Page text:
Epic NPC Man often pops up in my Facebook news feed. Today’s topic: “That NPC with only one line.” What I love about these videos is that all of us who are a part of the culture of role-playing games can relate. I only had to read the title, and it instantly brought back memories from Everquest II, a game which I played for over a decade.
For those of us who have made homes in online games, nostalgia plays a large role in our collective memories of those worlds. For me, I heard the voice of Nathan Ironforge reciting, “Have you ever seen a gnoll before?” I could hear it just as if he were standing before me like he did so many years ago when I first stepped foot into Qeynos Harbor.
Was Nathan Ironforge among the most well designed and developed aspects of the game? Absolutely not. He was nothing but annoying, and I’m sure that many gamers wished at one point or another that they could punt his creepy little self into the harbor. Yet, here I am, being pulled back into a world that I have not visited in many years. Norrath is full of fond memories and game design elements that gave me (and the friends I met along the way) years of enjoyment.
There is power in nostalgia—it typically brings warm memories of a past time, while blocking out what we don’t want to remember. There is solace for something we feel that we’ve lost. I don't remember Nathan fondly. He wasn't well liked. However, instead of feeling annoyed when remembering him, I feel reminiscent. I remember the game where he resided, and the people who played there. It’s nothing but warm, fuzzy memories for a world that no longer exists or, perhaps, never existed at all.
When I say that it no longer exists, I’m not talking about in the literal sense. Everquest II is still running, and I could log on and play today. Yet, those friends that I mentioned are long gone, the game mechanics have changed, and the once vibrant world has slowly emptied. This is a harsh reality that most MMOs will have to face at one point or another, but it doesn’t have to be the end for that game world.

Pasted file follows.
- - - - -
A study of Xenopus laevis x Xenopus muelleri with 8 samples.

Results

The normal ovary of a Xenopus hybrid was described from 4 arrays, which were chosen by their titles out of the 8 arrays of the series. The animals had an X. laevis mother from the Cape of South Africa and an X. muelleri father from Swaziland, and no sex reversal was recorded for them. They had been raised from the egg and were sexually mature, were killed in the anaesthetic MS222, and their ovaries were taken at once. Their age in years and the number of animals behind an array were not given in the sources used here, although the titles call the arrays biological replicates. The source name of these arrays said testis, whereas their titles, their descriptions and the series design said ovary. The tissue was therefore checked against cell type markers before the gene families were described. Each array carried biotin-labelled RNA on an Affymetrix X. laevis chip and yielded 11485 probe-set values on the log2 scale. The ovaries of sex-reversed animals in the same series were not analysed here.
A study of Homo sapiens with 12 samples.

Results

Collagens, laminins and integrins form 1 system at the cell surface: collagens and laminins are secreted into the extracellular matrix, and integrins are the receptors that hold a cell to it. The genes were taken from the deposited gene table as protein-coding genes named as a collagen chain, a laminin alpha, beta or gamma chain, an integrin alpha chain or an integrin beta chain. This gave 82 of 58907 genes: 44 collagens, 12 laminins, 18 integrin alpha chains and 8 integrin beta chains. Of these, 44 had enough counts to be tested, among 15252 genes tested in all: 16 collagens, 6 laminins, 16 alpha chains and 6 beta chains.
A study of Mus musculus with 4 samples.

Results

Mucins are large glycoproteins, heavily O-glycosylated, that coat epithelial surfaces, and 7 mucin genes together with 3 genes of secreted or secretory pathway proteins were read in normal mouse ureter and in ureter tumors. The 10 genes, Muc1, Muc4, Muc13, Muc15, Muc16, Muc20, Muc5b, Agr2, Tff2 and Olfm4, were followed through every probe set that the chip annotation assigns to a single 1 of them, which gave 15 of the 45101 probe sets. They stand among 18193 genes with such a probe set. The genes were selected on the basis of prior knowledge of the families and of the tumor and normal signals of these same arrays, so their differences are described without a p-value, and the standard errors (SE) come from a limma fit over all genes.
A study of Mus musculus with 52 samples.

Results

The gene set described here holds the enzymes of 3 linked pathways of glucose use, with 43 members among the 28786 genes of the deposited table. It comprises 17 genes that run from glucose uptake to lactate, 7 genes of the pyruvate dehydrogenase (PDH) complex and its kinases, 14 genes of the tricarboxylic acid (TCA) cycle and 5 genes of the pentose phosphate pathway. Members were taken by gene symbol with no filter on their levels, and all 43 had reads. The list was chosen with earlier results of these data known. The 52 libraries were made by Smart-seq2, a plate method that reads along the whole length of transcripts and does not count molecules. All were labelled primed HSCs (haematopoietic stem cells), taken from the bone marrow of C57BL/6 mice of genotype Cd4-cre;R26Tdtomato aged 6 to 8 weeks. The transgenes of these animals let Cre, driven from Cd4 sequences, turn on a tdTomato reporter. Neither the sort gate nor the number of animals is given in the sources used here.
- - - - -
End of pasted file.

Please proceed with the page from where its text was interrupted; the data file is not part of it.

If I logged on today, more likely than not, I would spend an hour or so in my house, walking around, clicking on objects that I placed on shelves or hung on walls nearly a decade ago. I might even remember who I was with and conversations that we had when I completed the attached quests. Even the pets in that home are named after long lost friends. It has become, in essence, a museum of a past life.
This isn’t necessarily bad for the company that owns the title. It circles back again to the social ties that we make while playing. It’s about setting down roots to enable longevity. Game design that strengthens these ties anchors the players in the game world. It anchors them there long after they’ve gone and creates a connection that is lasting. The original Everquest set a precedent that is still shaping games today. While Everquest II was not as popular, it was still able to draw in a number of players that has kept it going over the years. The fans of the original came to play. They came to re-experience the magic that they felt when they first stepped foot into Norrath.
While many have left the world of Norrath, they haven’t gone for good. We are all here, and we are waiting. When Everquest rises again, I, and many like me, will be there. We’ll be standing in the harbor, two seconds away from blasting the one-line NPC with a fire ball, waiting for those long-lost friends.